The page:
Turkey bowling at Kerr Elementary a reward for donations
December 12, 2013 7:29 AM
Kerr Elementary second grader Damien Stellitono, left, 7, reacts while his classmate Jaydon Salac, 8, bowls with a frozen turkey at school in O'Hara Township on Friday, The turkey bowling is a prize for teacher Jim Hart's second grade students' collecting the most presents for a holiday toy drive held in November at the school.
By Rita Michel
A group of 22 second graders sliding frozen turkeys toward bowling pins across the floor of the multipurpose room at Kerr Elementary School in O'Hara were enjoying a well-earned reward for donating the most gifts to a drive organized by the student council.
Even though the 13-pound turkeys weighed almost half as much as a few of the second graders in Jim Hart’s class, that did not stop the determined bowlers Friday afternoon from knocking down the pins set up by the fifth-grade student council officers.
The 7- and 8-year-olds donated 29 toys to the Give-a-Gift drive, winning them the bowling party followed by cake and refreshments. Altogether, Kerr students donated 200 presents to the charity.
“They were thrilled,” Mr. Hart said of his students. “I am truly blessed with this group. We discussed the purpose of this contest was more about helping people than the bowling.”
That message was heard loud and clear by Jack Cannon, 7, of O’Hara. He took a break from bowling to explain why he thought the gift drive was important: “To help people who don’t have any presents,” he said.
Classmate Isaiah Reighert, 7, of Sharpsburg agreed as he returned to sliding his turkey toward the six pins set up in one of the lanes.
Dakota Carr, 11, of Sharpsburg, a fifth grader and the treasurer of the Kerr student council, said she and her fellow school representatives carefully set up the lanes not too far from the pins but far enough to allow the younger students to heave the frozen birds without bumping the teammates in the neighboring lanes. Such careful consideration also went into the planning of the gift drive event.
“We thought it was really cool,” she said when asked what the student leaders thought of the second-graders’ success.
Of course, her class had already won kudos the week before the gift drive was held in late November. The fifth grade at Kerr donated the most feathers to the paper turkey on display in the hall just outside the front office. Altogether, the Kerr students raised almost $1,100 by selling a total of 4,320 feathers for 25 cents.
Student council at Kerr was brought back this year by Stan Strzempec, computer teacher.
“It was a pretty amazing display,” he said of the feather and toy efforts. “Our school is very diverse and everybody contributed. It was great!”
Mr. Strzempec said he organized the first student council Kerr had had in many years because of his own fond memories of serving as a representative when he was in school. The third, fourth and fifth graders campaigned and voted for homeroom representatives and leaders were chosen from the fourth and fifth grade. Together, these students planned many community projects of their own, in addition to the district-wide telethon drive, which this year benefits the Leukemia and Lymphoma Society.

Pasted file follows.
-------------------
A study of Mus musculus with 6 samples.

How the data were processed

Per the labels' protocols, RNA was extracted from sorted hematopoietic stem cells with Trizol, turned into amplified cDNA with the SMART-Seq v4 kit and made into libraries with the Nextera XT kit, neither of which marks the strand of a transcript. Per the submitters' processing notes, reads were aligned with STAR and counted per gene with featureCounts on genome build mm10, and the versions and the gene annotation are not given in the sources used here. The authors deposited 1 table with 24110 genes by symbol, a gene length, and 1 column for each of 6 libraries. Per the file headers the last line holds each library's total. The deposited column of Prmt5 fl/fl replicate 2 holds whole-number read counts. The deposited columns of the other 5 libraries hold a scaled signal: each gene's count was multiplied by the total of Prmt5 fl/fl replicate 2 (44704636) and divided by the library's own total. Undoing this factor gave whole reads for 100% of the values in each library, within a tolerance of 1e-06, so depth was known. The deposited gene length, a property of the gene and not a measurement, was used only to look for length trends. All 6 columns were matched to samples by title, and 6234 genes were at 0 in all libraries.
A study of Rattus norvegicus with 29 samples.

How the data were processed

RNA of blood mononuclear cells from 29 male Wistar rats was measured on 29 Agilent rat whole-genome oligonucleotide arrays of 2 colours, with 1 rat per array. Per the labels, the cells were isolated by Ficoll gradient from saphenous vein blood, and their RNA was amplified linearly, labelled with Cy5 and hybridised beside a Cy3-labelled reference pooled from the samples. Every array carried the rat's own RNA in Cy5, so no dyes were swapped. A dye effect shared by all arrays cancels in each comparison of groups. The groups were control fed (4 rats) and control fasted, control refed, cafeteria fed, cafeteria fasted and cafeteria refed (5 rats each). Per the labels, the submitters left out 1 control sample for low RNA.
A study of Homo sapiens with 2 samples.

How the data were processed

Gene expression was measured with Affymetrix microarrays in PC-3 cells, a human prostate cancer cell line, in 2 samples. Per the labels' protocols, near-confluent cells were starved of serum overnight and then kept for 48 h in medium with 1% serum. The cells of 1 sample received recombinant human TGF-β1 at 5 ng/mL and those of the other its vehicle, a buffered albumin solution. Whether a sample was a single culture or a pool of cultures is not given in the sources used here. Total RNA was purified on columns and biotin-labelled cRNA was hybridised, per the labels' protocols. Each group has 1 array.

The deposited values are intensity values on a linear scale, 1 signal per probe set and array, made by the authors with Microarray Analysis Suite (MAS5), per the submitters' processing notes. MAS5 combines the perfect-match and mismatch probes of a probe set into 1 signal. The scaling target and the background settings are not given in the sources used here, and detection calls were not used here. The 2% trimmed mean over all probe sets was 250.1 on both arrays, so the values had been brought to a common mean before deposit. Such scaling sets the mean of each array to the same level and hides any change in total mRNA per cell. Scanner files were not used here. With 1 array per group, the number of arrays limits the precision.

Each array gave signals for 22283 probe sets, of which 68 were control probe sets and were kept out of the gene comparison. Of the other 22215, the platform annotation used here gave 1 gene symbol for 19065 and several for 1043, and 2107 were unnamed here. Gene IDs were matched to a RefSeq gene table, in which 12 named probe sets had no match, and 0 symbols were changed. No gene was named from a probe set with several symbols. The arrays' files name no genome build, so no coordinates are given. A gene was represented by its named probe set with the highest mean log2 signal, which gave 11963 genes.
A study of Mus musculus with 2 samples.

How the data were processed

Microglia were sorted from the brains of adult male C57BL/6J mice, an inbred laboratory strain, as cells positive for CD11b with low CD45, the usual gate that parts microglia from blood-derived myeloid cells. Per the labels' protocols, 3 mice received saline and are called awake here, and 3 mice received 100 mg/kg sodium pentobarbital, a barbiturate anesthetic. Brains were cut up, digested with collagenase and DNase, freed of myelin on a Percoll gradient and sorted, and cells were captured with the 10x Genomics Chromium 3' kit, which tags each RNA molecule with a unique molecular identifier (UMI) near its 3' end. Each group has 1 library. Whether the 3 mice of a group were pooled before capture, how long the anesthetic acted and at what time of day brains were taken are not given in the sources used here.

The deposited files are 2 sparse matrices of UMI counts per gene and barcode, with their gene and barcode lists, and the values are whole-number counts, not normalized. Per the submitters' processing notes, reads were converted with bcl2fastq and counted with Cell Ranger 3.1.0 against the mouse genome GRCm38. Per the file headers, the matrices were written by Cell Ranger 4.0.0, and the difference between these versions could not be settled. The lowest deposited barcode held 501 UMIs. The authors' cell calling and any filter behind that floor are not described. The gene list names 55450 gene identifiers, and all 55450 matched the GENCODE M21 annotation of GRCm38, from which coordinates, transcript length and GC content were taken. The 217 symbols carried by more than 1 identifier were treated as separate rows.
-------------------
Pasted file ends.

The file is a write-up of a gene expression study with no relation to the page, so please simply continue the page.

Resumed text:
The kids want to help people and the goal is to teach them how to help,” he said. Under his direction, the fourth and fifth graders undertook the gift drive.
“Some days,” Dakota said, “running the gift drive was like a wild goose chase!” Presents were collected, placed in the school elevator by the student leaders and organized for distribuition to Give a Gift. In addition, Kerr’s government representatives made announcements in their classrooms every day, reminding their classmates to bring their quarters to buy feathers.
Paul Noro, principal at Kerr, was enjoying the celebration along with the second and fifth graders and their teachers.
"It’s important for kids to learn to give back to their community,” he said, giving all the credit for the success to Mr. Strzempec and the student council. “To have a group of kids elected and at the forefront and being an integral part of it is the most important part of all and that’s including giving to kids in need.”
Whatever amount of organization and donation went into the celebration, Jaydon Salac, 8, of Sharpsburg said he thought it was a great way to spend his birthday. Clad in his pajamas like all the other students and many of the teachers at the event, Jaydon was glad to give.
The 25 cents he and the others donated had permitted them to participate in pajama day in school as part of the district’s telethon fundraiser the same day the celebrated Kerr’s own community service efforts. Given the school’s spirit of generosity, visitors to the school today shouldn’t be surprised to see the children looking like they got dressed in the dark.
Today is inside-out day with their 25-cent donations also going to the district-wide fundraiser.